SMU DataArts - Cultural Data Profile


10 Tips to Prepare for Your Audit

  • Posted Nov 28, 2016

As a supplement to our Knowledgebase, DataArts aims to use Data Digest as a forum to provide our participants with timely tips and insight to ensure their CDP experience is a success. With the end of 2016 fast approaching, DataArts’ own Finance Manager, Alicia McClung, (who also completes DataArts’ own annual CDP submission) shares the following advice on preparing for your annual audit:

Most nonprofit organizations have fiscal year-end dates of June 30 or December 31. If yours is the former and your organization has an annual audit or review by an independent accounting firm, hopefully your audit is complete. If you have a December 31 year-end date, this is a great time to begin thinking about getting ready to close your financial books and prepare for your audit or review.

Here are some tips to help you get ready for your audit or review:

  1. Prepare. When you close a month or prepare anything that might be reviewed by the auditor later on, be as thorough as possible.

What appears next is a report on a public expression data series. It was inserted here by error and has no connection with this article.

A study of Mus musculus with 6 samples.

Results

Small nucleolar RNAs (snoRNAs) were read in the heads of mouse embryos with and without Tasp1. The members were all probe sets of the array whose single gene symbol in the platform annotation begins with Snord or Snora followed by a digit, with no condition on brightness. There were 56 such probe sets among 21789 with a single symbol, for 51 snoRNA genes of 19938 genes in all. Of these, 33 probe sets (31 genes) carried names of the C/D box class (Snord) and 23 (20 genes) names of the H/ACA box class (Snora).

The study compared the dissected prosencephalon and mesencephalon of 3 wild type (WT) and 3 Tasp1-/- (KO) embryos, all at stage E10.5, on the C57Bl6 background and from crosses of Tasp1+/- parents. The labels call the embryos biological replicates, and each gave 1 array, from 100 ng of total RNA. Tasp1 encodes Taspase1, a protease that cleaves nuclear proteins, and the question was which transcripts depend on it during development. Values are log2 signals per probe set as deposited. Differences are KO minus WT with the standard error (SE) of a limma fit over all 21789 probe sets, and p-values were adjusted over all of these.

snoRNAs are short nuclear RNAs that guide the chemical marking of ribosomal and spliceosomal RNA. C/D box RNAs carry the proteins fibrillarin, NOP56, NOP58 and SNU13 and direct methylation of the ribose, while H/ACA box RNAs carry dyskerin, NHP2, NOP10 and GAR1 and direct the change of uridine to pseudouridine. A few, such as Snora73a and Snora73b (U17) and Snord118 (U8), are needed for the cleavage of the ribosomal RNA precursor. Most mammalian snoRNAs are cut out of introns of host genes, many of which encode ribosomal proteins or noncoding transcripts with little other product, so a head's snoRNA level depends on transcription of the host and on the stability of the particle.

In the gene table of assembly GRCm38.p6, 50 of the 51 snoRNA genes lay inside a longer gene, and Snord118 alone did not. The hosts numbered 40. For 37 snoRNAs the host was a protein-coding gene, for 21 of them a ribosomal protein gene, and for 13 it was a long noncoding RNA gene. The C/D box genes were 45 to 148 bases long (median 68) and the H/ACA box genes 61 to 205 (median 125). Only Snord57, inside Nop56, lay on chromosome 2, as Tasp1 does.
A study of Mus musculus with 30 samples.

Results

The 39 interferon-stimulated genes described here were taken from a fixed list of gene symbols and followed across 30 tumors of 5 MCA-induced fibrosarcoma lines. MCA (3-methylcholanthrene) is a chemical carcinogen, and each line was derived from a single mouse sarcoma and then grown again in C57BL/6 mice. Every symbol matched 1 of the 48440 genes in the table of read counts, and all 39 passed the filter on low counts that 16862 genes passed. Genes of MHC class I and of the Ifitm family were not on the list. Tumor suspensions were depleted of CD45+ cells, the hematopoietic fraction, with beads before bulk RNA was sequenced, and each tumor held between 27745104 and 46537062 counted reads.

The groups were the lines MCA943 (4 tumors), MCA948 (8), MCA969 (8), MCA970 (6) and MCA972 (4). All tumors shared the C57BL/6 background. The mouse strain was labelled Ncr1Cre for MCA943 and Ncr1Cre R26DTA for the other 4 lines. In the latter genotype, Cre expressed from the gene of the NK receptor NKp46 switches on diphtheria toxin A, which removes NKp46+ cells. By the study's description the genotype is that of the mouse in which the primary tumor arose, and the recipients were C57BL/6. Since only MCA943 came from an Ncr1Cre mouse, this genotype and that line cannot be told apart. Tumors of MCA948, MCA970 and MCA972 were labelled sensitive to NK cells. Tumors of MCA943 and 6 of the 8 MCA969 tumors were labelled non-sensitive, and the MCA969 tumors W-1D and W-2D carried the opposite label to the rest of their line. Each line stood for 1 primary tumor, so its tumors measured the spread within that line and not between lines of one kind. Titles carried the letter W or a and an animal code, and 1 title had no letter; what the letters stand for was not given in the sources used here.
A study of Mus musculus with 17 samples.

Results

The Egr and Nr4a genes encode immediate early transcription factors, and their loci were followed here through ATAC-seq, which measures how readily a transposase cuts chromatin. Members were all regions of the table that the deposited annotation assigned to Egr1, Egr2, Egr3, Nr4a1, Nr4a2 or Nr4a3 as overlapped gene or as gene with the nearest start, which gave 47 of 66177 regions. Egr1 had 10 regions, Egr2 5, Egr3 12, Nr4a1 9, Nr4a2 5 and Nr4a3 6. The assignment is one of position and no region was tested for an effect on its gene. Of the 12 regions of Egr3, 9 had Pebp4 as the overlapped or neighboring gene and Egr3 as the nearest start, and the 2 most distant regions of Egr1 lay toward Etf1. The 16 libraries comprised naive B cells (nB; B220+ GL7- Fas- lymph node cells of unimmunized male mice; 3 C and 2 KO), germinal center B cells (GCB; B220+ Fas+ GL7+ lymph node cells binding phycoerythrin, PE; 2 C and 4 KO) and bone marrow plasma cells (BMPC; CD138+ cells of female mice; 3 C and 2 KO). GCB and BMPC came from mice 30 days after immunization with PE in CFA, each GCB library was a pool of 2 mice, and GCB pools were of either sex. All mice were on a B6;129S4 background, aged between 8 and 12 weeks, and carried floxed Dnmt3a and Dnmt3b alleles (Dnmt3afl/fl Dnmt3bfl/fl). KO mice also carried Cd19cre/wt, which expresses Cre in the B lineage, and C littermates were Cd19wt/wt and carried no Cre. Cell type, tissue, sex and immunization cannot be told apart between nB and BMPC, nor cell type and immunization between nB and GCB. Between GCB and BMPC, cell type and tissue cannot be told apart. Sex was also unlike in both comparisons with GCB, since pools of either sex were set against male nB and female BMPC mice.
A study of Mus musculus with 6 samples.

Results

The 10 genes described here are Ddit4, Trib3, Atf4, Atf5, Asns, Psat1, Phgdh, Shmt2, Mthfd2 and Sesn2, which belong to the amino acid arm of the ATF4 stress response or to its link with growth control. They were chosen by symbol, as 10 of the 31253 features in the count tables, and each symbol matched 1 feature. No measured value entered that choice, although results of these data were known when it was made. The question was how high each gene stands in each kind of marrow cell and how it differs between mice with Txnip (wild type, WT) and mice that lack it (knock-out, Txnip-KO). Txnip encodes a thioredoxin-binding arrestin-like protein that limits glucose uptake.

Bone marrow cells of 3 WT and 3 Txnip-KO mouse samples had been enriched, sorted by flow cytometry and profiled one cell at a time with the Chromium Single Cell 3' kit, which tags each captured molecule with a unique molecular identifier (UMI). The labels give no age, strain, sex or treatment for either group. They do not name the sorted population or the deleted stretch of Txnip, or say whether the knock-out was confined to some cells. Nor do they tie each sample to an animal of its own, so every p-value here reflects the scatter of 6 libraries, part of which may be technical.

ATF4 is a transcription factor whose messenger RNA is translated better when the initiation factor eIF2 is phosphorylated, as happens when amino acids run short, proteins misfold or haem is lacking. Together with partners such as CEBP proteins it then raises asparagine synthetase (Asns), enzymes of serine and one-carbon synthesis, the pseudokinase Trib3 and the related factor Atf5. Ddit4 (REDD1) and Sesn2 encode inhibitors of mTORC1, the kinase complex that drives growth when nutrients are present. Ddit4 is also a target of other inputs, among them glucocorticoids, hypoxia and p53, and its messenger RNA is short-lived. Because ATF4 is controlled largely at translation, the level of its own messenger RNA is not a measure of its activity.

2. Be in communication with your auditor. Share any new policies, standard contracts, or changes to departmental structures.
  3. Share your financial procedures manual with your auditor. It will make their testing go faster.
  4. Before your audit, review all of your documentation. Think about what items might raise a red flag, and be prepared with paper back-up and documentation.
  5. Keep a log of your month-end journal entries and make sure they were all approved.
  6. When the year closes, get a list of work papers that the auditors will need to review. 
  7. If something happens during the year that doesn’t conform to company policy, document the event and how it was handled to show that management is aware of the situation. This can save you from a note in the auditor’s management letter later on.
  8. During the last month of the year, have a pre-audit meeting with the audit committee of your board, and the auditor to set expectations.
  9. Get to know your auditor. 
  10. Address audit adjustments and any comments in a management letter immediately after the audit.